Sunday Leftovers

Make sure to read Paul Tractenberg's essay at NJ Spotlight on our "apartheid" school system. Tractenberg, founder of Education Law Center, writes, " 26 percent of all black students and almost 13 percent of the rapidly growing Latino population attended apartheid schools and another 21.4 percent and 29.2 percent, respectively, were in intensely segregated schools. That means almost half of all black students and more than 40 percent of all Latino students in New Jersey attend schools that are overwhelmingly segregated. " Tractenberg frames the problem eloquently, even if towards the end he veers off into anti-Christie venom. Also note his bold proposal for county-wide school districts, with Essex as a pilot.

The Courier Post reports that in south Jersey “school officials are already making plans to push back graduation dates, and the threat of future storms could mean shorter spring breaks.” Ditto for the rest of the Garden State, right?

Some newly-elected school board members can’t bet sworn in yet because the State DOE is having problems with its finger-printing process. One yet-to-be board member in  Wayne is particularly pissed. (The Record)

The Hunterdon County Democrat  reports that  the enrollment caps set by the DOE on Interdistrict Public School Choice schools is preventing siblings from enrolling in the same schools, causing havoc for parents.  “Of the 114 districts in the School Choice program that responded to a survey sent by School Choice program director Jessani Gordon in early December, 19 said the DOE’s enrollment targets would prevent them from accepting the siblings.” (Here's my take last month at Asbury Park Press.)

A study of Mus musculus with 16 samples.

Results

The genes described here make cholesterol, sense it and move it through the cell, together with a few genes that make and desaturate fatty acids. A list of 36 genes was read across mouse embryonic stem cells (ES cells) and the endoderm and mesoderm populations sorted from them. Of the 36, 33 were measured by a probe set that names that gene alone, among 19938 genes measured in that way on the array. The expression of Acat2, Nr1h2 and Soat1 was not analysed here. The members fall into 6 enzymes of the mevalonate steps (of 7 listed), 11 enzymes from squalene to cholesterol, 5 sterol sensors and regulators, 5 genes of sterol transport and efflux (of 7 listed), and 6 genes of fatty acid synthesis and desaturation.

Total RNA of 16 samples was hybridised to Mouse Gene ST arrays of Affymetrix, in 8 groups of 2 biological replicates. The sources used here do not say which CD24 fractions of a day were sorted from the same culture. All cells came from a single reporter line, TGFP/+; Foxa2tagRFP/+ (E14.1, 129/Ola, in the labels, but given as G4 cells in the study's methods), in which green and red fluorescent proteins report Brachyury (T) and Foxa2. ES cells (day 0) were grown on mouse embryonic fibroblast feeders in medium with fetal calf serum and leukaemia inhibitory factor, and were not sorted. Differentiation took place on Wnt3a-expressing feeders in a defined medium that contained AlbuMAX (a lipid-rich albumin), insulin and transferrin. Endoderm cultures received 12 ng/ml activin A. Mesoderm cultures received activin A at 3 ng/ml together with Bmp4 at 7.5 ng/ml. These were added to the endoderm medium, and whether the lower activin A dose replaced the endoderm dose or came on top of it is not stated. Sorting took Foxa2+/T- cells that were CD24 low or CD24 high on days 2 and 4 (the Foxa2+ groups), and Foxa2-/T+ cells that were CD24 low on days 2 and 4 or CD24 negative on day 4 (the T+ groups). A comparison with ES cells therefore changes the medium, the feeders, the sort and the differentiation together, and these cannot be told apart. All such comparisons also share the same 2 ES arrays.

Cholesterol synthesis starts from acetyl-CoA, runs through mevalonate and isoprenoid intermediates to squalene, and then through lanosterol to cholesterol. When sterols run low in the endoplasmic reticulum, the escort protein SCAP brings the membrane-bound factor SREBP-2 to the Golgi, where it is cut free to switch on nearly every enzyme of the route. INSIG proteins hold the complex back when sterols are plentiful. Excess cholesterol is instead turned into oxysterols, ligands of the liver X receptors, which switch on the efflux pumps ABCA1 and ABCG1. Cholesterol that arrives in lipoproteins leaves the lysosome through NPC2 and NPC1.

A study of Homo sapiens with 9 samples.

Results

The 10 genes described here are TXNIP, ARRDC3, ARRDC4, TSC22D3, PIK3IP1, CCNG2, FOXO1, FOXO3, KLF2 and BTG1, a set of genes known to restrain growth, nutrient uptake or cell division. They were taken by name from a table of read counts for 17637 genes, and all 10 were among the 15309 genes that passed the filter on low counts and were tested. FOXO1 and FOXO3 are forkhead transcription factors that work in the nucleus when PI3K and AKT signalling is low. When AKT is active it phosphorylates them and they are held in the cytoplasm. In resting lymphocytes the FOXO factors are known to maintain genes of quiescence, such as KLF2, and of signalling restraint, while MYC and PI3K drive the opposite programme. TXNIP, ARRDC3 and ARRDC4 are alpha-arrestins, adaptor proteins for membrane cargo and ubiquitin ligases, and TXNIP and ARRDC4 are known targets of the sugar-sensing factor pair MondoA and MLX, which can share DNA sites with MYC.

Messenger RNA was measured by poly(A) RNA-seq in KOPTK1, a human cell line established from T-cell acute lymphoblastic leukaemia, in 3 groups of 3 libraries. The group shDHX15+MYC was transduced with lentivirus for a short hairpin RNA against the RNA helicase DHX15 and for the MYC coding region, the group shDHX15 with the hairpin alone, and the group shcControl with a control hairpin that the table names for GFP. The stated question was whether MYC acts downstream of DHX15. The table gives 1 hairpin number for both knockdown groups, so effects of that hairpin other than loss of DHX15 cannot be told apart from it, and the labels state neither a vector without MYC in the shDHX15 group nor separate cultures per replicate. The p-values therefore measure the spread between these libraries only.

Gov. Chris Christie says that the State Supreme Court is  “not accountable to anyone”and responsible for “enormous mistakes in the educational system in this state and in the housing system in this state.” (Asbury Park Press)

Sandra Stotsky says in the Wall St. Journal that the Common Core standards in math aren’t ambitious enough for students who want to pursue STEM careers because they eliminate "major topics in trigonometry and precalculus." Pre-Common Core, she says, both Massachusetts and California included these math topics in high school standards.  (Note: states are free to surpass CCSS.)

Mike Petrelli at Fordham's Flypaper  celebrates 2014, the Year of Universal Proficiency, per George W. Bush and No Child Left Behind: "Those of us who fail to heed the lessons of history are destined to repeat it. So let us take this moment, as we enter the New Year, to remember the hubris that caused reformers, policy elites, members of Congress, and the George W. Bush Administration to set the goal of attaining 'universal proficiency' in reading and math by 2014."

I've got an article in the January issue of  New Jersey Family on the impact of the Common Core and PARCC testing on NJ classrooms. You can also pick up free hard copies at lots of locations in south and central Jersey.